Ethics Hero Emeritus: Eric Lomax, 1919-2012

Eric Lomax was a hero of forgiveness.

Eric Lomax, his book, the Bridge on the River Kwai,, and his friend, the man who tortured him.

In 1942, Eric Lomax, was a 19 year old  member of the British Royal Corps of Signals stationed in Singapore when he joined thousands of British soldiers in surrendering to the Japanese. It was 1942. He was one of those shipped to Thailand and became one of the slaves laboring to build the Burma Railway, also known as the Death Railway. The building of the railroad and the brutal treatment of the English prisoners by their Japanese captors  formed the plot of the classic 1957 David Lean film, “The Bridge on the River Kwai,”

After Lomax was discovered to have built a radio receiver from spare parts, he was mercilessly tortured and interrogated by his captors.  After his release, fantasies about murdering his main torturer, a man named Nagase Takashi, obsessed him. Lomax spent the early years of his retirement in the 1980s looking for Takashi, and eventually learned that he had become an interpreter for the Allies after the war. In 1992, he stumbled across an article profiling Nagase and noting that he was haunted by guilt over his mistreatment of one British soldier. That soldier, Lomax realized, had been him. He arranged to meet the man who tortured him, and whom he had spent the rest of his life dreaming of murdering.

Torturer and victim met in 1993, on the infamous bridge Lomax had been forced to help construct (and which was not blown up, the film ending notwithstanding). He described the scene on the website of the Forgiveness Project, a British group brings together such unlikely duos turned into enemies by war. “When we met, Nagase greeted me with a formal bow,” Lomax wrote. “I took his hand and said in Japanese, ‘Good morning, Mr. Nagase, how are you?’ He was trembling and crying, and he said over and over again: ‘I am so sorry, so very sorry.’  I had come with no sympathy for this man, and yet Nagase, through his complete humility, turned this around. In the days that followed we spent a lot of time together, talking and laughing.We promised to keep in touch and have remained friends ever since.”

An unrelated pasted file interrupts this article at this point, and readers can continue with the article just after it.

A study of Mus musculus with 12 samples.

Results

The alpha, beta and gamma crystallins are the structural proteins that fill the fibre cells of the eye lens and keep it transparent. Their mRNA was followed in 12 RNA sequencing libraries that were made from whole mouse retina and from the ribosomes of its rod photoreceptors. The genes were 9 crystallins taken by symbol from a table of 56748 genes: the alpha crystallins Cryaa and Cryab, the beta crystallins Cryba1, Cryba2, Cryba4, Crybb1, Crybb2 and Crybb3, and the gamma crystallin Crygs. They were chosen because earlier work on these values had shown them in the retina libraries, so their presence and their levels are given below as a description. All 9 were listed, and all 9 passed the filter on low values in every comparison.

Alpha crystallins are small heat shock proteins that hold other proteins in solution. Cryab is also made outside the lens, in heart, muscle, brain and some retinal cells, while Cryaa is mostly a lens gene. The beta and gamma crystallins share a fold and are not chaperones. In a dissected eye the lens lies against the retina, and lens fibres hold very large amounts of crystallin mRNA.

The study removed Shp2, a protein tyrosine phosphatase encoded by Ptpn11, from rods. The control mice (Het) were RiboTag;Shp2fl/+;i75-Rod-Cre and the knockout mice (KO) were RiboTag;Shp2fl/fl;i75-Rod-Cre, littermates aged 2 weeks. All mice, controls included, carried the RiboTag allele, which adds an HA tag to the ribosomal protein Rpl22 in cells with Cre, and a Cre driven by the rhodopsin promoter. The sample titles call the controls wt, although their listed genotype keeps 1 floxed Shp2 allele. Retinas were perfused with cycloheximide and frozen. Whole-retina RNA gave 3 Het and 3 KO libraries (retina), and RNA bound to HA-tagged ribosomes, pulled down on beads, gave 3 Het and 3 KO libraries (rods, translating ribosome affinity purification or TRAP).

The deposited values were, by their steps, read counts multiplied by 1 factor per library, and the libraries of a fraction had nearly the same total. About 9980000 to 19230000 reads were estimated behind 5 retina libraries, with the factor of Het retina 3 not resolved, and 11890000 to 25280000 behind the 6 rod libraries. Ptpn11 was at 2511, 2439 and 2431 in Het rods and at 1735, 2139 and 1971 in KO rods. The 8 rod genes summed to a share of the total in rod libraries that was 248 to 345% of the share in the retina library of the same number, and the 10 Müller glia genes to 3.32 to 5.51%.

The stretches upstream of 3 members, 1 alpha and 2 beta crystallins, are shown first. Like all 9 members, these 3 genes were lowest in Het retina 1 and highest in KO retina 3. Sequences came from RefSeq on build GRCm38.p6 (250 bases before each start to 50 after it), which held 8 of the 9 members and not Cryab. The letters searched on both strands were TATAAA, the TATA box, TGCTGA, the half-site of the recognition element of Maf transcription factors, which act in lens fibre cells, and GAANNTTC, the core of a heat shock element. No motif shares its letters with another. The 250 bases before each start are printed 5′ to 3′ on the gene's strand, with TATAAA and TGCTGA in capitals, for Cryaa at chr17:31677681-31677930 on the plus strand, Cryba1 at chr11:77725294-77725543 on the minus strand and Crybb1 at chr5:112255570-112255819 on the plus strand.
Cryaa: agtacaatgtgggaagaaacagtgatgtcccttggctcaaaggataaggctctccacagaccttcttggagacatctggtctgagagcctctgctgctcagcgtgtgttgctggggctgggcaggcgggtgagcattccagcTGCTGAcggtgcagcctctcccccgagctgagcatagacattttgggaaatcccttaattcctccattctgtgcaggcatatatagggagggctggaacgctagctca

Amazing.

A best-selling book Lomax wrote about his experience, “The Railroad Man has been made into a film that will be released later this year. He was a war hero who not only survived the hell of torture and slavery, but also overcame hate and bitterness, not only enriching his own life, but that of the enemy who harmed him as well.  It is difficult to imagine a more impressive act of kindness, empathy, compassion, and forgiveness.

Eric Lomax died this week at the age of 93.  “I haven’t forgiven Japan as a nation,” he told The New York Times, “but I’ve forgiven one man, because he’s experienced such great personal regret.” That’s all right: that one act of forgiveness was plenty, and makes Eric Lomax a role model to remember for one of the most difficult ethical virtues of all.


7 thoughts on “Ethics Hero Emeritus: Eric Lomax, 1919-2012

  1. Sad and uplifting, however Lomax’s life and experience are hardly the template for others unfortunately. Most tormented peoples go on to torment others. The cycle repeats; there are countless examples daily.

  2. I saw this story on the web a couple days ago and ordered a few of the books written about these two men. My principal interest is in learning how Nagase made the transitions from being a civilian to becoming an enthusiastic torturer and then finally the transition to a level of self-awareness that created this repentance that he now displays. This must be rare.

    • Maybe not. Read Philip Zimbardo’s “The Lucifer Effect.” Good people are very vulnerable—more than any of us think—to being co-opted, along with our core values, into the warped values of cultures we are immersed in. And we can come back from that experience too.

      • For those unfamiliar with it, Zimbardo ran the infamous Stanford Prison Experiment where volunteers were randomly separated into inmates and guards. The treatment of the “inmates” by the “guards” was so atrocious that the study was cut from 2 weeks to 6 days.